The retail sector has been a treacherous one over the past few years, due to heavy competition from e-tailers and cutthroat competition among brick-and-mortar players. Therefore, it's easy for investors to step on landmines across the sector if they're not careful. Today, we'll examine two retail stocks that could cause you to lose a lot of money -- Macy's (NYSE:M) and Under Armour (NYSE:UAA) (NYSE:UA).
Shares of Macy's crashed nearly 30% over the past month due to its disappointing holiday sales and reduced profit forecasts for the year. That decline reduced the company's price-earnings (P/E) ratio to 14 (compared to the industry average of 36), its price-sales (P/S) ratio to 0.4, and boosted its forward yield to nearly 5%. That low valuation and high dividend attracted some contrarian investors, but I believe that it won't recover anytime soon for two reasons.
First, Macy's revenue has fallen annually for seven straight quarters. Its plans to close 100 stores and cut 10,000 jobs might tighten up its margins, but that won't drive more customers back to its stores, especially when Amazon's 2016 holiday sales hit a record high. Macy's online business is growing by the double digits, but it only accounts for about a fifth of its top line. Moreover, Macy's is merely following the path of Sears Holdings (OTC:SHLDQ) and J.C. Penney -- closing stores couldn't save those dying mall anchors, and it probably won't save Macy's.
Second, some investors believe that Macy's can squeeze value out of its real estate by spinning off its valuable properties into an REIT (real estate investment trust) and leasing its stores from the new company. But we've already seen Sears do the exact same thing with its spin-off of Seritage Growth Properties. Sears got a brief bottom line boost from the spin-off, but those gains didn't last long. Therefore, I believe that Macy's -- once a standout performer among department stores -- could be boarding the same sinking boat as Sears and J.C. Penney.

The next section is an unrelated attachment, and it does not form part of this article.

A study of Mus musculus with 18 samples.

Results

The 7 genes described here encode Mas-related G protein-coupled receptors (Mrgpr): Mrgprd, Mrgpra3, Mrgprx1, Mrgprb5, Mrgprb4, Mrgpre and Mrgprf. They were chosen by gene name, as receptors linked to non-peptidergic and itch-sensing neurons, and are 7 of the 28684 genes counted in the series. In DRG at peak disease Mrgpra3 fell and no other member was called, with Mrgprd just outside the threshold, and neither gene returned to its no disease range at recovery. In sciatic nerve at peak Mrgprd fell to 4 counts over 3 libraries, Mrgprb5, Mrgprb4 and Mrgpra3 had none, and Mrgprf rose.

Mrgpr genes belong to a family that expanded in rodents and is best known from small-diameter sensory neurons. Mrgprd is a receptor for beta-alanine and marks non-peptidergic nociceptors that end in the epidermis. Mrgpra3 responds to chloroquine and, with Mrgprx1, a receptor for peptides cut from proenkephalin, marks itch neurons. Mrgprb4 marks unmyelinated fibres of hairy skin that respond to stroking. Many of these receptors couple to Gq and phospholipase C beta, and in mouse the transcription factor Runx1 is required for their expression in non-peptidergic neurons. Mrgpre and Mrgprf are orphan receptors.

Under Armour went through several confusing changes last year. Last March, it approved new non-voting Class C shares as a one-for-one dividend to Class A (regular shareholders) and Class B (CEO Kevin Plank's) shares. In June, it paid a "special" $59 million dividend to appease Class C shareholders who claimed that the move diluted existing shares to help Plank maintain voting control.
Investors then complained about the growing disparity between the prices of the two share classes, which prompted the company to rename its Class A shares from UA to UAA and Class C shares from UA.C to UA in December. Despite all those changes, both classes performed poorly since last March, with UA dropping 35% and UAA plunging 63%. Those declines were caused by its slowing sales growth, the bankruptcy of Sports Authority, key executive departures, and declining margins.
Under Armour's sales rose 22% annually last quarter, but that represented its slowest growth rate in six years. Its apparel revenue rose 18% to $1.02 billion, footwear revenue climbed 42% to $279 million, and its total net income improved 28% to $128.2 million. Those numbers look solid, but the company's growing dependence on footwear is troubling because it's a commoditized market dominated by heavy-hitting players like Nike and Adidas.
Analysts expect Under Armour's revenue and earnings to respectively rise 24% and 13% this year, but those growth figures don't really justify its lofty P/E of 45 -- which is much higher than the industry average of 26. That's why I personally wouldn't be surprised to see Under Armour get cut in half during a market downturn.
The bottom line
I realize that plenty of value investors think that Macy's turnaround plan will work, and that some growth investors are still willing to pay a premium for Under Armour. But I believe that Macy's will struggle to avoid J.C. Penney's fate, and that Under Armour will find it tough to go toe-to-toe with Nike in the high-end footwear market. Therefore, investors who buy these stocks today could lose a lot of money in the near future.